Video: EC17-18-S1-Q38

Write the displayed formula and IUPAC name for halothane.


Video Transcript

Write the displayed formula and IUPAC name for halothane.

Halothane is the common name for the haloalkane CHBrCLCF3. To draw the displayed formula, all bonds need to be explicit. So let’s start with the carbon–carbon backbone. On the first carbon atom, we have hydrogen, bromine, and chlorine. And on the second carbon, we have three fluorines. This is the completed displayed formula for halothane. Now, we can move on to the IUPAC name.

IUPAC is the International Union of Pure and Applied Chemistry basic guidelines for the appropriate naming of many chemical compounds. According to IUPAC rules, the first step for naming an organic compound is to find the longest chain of carbon atoms. In halothane, this is two. We, therefore, expect the IUPAC name for halothane to contain the name “eth,” meaning two carbon atoms. Another item in the name we expect is “bromo” because of the Br group, “chloro” because of the CL group, and “trifluoro” because of the three fluorines.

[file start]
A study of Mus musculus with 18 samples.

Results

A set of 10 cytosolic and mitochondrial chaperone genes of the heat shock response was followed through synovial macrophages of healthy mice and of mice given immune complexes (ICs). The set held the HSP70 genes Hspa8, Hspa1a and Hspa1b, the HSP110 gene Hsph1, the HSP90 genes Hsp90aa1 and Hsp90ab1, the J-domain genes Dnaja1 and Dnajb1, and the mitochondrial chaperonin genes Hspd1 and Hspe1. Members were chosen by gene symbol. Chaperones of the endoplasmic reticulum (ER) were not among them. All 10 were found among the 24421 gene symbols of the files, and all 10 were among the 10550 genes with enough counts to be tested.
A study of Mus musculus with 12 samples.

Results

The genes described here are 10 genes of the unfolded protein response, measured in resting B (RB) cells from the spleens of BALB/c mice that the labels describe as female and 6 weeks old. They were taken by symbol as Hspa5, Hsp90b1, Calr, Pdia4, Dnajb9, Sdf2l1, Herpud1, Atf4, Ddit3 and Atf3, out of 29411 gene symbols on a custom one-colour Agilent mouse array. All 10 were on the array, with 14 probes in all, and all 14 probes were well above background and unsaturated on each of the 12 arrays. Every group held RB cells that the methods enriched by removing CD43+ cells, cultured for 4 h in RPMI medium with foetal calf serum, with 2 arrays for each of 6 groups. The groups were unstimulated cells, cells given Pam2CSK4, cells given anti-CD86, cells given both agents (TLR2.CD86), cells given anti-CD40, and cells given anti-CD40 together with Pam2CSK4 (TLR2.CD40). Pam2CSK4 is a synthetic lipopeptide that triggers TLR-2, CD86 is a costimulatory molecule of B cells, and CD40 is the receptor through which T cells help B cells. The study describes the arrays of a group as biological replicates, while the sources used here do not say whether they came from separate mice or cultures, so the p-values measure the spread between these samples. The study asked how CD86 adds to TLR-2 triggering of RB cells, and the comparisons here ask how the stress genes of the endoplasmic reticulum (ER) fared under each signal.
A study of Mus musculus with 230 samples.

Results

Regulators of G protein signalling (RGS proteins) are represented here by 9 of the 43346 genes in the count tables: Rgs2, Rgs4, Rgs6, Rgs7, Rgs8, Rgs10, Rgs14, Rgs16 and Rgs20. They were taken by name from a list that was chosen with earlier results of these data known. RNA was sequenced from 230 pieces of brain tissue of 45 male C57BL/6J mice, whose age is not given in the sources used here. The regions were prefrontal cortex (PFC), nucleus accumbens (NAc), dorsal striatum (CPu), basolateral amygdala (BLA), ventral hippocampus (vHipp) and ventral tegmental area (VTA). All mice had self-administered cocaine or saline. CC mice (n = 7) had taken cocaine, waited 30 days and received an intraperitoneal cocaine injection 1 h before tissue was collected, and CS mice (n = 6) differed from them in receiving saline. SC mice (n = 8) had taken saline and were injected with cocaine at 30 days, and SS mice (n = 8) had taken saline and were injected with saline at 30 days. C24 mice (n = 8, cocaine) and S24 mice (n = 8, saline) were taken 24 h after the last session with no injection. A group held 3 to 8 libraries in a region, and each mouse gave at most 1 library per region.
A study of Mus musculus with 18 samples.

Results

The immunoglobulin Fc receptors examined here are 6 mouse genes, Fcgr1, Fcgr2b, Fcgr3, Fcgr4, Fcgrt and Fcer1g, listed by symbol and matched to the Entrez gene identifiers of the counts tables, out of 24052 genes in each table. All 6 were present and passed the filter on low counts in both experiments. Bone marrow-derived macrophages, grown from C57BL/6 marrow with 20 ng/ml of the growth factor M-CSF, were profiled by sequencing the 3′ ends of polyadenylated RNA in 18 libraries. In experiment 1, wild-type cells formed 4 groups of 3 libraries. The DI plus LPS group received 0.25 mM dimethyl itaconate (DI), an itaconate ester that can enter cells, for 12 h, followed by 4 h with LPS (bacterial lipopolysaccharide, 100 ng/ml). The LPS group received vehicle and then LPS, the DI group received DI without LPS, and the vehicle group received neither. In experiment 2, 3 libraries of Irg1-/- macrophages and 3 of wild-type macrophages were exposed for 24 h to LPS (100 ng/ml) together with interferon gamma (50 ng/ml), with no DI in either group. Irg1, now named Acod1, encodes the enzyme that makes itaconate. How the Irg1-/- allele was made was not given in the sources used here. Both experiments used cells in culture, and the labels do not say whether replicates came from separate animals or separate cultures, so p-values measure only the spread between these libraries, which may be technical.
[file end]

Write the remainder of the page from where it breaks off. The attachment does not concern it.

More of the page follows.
The next step on our road to the IUPAC name is to number the carbon atoms in the carbon backbone. There are two ways of doing this: left to right or right to left. The first option gives 1-bromo, 1-chloro, and 2,2,2-trifluoro as components of the name, while the second option gives us 2-bromo, 2-chloro, and 1,1,1-trifloro. For the first option, the total of these indexes is eight, while for the second option, the total is seven. IUPAC rules say that we should pick the numbering system that gives us the lowest index total. Therefore, this is the correct way of numbering the carbon atoms.

So the last step is to combine all the components we know about the name into the full name. That’s 2-bromo, 2-chloro, 1,1,1-trifluoro, and ethane. We know that the name ends in “ane” because we’re dealing with a haloalkane that’s fully saturated. Ethane always goes at the end. But now, we have to figure out what order to place bromo, chloro, and trifluoro. This is done alphabetically ignoring “tri”: b before c before f, bromo before chloro before fluoro. So the full IUPAC for halothane is 2-bromo-2-chloro-1,1,1-trifluoroethane.